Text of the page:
Penguins gather on an ice floe near Davis Station, Southern Ocean, Antarctica on Jan. 25, 2019. copyright Jeff Miller / Moment / Getty Images

Antarctica and Greenland's ice sheets are currently melting at a pace consistent with worst-case-scenario predictions for sea level rise, with serious consequences for coastal communities and the reliability of climate models.


A paper published in Nature Climate Change Monday compared the latest satellite observations of polar ice melt with the predictions outlined in the Intergovernmental Panel on Climate Change (IPCC) Fifth Assessment Report. It found that the ice sheets are currently raising sea levels at a rate 45 percent above the IPCC's central prediction and closer to its worst-case scenario. If this continues, the two ice sheets could raise sea levels a further 17 centimeters (approximately 7 inches) more than central predictions by 2100.

"If ice sheet losses continue to track our worst-case climate warming scenarios we should expect an additional 17cm of sea level rise from the ice sheets alone," study coauthor and University of Leeds researcher Anna Hogg said in a university press release. "That's enough to double the frequency of storm-surge flooding in many of the world's largest coastal cities."

Since the 1990s, the two ice sheets have already increased global sea levels by 1.8 centimeters (approximately 0.7 inches). But it was between 2007 and 2017 that the ice sheets began to lose mass at a rate consistent with worst-case-scenario projections, adding around 1.23 centimeters (approximately 0.5 inches) to the water line during that decade, according to the study.

A worst-case-scenario sea level rise as currently predicted would expose 44 to 66 million people to yearly coastal flooding by century's end. But one of study's most alarming implications is that, if sea level rise is already tracking worst-case-scenario predictions, the actual worst-case scenario could be even more dire.

"We need to come up with a new worst-case scenario for the ice sheets because they are already melting at a rate in line with our current one," lead author and Centre for Polar Observation and Modelling (CPOM) at the University of Leeds researcher Thomas Slater told AFP. "Sea level projections are critical in helping governments plan climate policy, mitigation and adaptation strategies. If we underestimate future sea level rise, then these measures may be inadequate and leave coastal communities vulnerable."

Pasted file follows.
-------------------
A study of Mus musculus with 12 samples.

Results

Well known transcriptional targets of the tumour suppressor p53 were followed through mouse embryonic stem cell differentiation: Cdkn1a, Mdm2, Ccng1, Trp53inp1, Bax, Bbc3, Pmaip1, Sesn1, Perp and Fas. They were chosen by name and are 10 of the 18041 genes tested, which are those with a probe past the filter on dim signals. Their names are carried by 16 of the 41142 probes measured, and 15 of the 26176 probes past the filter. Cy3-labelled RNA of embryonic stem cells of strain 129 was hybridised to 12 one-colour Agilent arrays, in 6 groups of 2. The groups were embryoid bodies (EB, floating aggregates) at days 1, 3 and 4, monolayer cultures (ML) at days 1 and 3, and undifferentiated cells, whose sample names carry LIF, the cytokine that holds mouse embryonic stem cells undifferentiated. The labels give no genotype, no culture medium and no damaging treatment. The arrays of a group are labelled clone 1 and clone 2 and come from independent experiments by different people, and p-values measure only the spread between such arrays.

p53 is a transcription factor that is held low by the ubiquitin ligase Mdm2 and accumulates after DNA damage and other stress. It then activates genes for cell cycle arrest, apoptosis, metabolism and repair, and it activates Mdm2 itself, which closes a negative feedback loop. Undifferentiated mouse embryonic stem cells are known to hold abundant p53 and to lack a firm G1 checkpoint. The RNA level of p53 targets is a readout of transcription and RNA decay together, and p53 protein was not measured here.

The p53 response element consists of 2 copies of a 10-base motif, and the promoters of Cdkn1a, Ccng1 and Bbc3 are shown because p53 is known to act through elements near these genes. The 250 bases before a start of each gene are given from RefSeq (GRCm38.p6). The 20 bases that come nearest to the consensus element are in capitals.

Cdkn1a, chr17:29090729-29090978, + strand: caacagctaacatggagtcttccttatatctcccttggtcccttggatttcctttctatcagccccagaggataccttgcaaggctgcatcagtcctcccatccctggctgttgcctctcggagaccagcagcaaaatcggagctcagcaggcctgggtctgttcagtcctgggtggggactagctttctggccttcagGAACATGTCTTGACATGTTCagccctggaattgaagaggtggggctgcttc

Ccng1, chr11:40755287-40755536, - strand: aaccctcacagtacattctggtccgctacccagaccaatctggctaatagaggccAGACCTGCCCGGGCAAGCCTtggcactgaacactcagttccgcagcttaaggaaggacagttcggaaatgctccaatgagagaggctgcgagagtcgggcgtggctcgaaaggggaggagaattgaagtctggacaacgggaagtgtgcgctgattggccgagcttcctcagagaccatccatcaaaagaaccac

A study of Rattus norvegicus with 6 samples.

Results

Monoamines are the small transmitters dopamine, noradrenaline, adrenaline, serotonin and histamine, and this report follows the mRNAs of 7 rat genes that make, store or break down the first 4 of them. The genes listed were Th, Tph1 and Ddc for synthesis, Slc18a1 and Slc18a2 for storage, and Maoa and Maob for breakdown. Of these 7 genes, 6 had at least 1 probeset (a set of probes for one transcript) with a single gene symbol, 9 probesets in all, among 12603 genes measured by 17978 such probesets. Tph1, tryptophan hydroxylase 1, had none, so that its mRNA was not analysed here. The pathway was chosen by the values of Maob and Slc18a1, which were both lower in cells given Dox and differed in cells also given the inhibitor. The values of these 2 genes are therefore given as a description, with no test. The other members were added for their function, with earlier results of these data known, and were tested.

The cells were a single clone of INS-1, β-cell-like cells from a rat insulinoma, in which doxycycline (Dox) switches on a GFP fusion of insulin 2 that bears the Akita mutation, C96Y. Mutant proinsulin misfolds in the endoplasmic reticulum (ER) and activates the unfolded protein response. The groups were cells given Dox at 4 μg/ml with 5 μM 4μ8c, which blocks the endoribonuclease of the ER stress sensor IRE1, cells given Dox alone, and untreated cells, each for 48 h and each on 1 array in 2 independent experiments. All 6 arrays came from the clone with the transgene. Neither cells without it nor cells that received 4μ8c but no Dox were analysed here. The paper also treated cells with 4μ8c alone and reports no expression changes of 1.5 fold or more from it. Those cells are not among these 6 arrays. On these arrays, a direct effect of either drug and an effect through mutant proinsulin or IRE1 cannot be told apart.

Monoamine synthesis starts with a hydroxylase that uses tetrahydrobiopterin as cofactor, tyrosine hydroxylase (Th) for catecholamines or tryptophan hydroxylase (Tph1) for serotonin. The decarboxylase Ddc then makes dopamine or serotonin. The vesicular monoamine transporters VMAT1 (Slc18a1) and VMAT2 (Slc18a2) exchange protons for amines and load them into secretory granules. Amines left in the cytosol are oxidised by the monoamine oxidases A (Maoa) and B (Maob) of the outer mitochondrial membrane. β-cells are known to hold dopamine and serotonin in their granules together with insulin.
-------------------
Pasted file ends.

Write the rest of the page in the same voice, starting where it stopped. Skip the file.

One of the reasons climate models might underestimate the worst-case scenario, Slater told AFP, is that they do not account for short-term weather changes such as the heat wave that drove Greenland's record melt in the summer of 2019.

The models that will be used for the IPCC's next report are better at predicting how the ice sheets, oceans and atmosphere interact, Slater said.

The latest study follows a slew of bad news for the world's ice. One study published in August found that the Greenland ice sheet had passed the "point of no return" and would continue to melt even if the climate crisis were halted.

Another recent study, also driven by Leeds' CPOM, calculated that the earth had lost 28 trillion tonnes (approximately 31 trillion U.S. tons) of ice in just 23 years.

These studies reflect a new global reality: In the last five years, melt from ice sheets and glaciers has outpaced the expansion of warming ocean water as the main cause of sea level rise.

"It is not only Antarctica and Greenland that are causing the water to rise," Dr. Ruth Mottram, a coauthor on Monday's study and a climate researcher at the Danish Meteorological Institute, told the University of Leeds. "In recent years, thousands of smaller glaciers have begun to melt or disappear altogether, as we saw with the glacier Ok in Iceland, which was declared 'dead' in 2014. This means that melting of ice has now taken over as the main contributor of sea level rise."

The Great Lakes, including Lake Michigan, experienced some of their warmest temperatures on record in the summer of 2020. Ken Ilio / Moment / Getty Images

Heatwaves are not just distinct to the land. A recent study found lakes are susceptible to temperature rise too, causing "lake heatwaves," The Independent reported.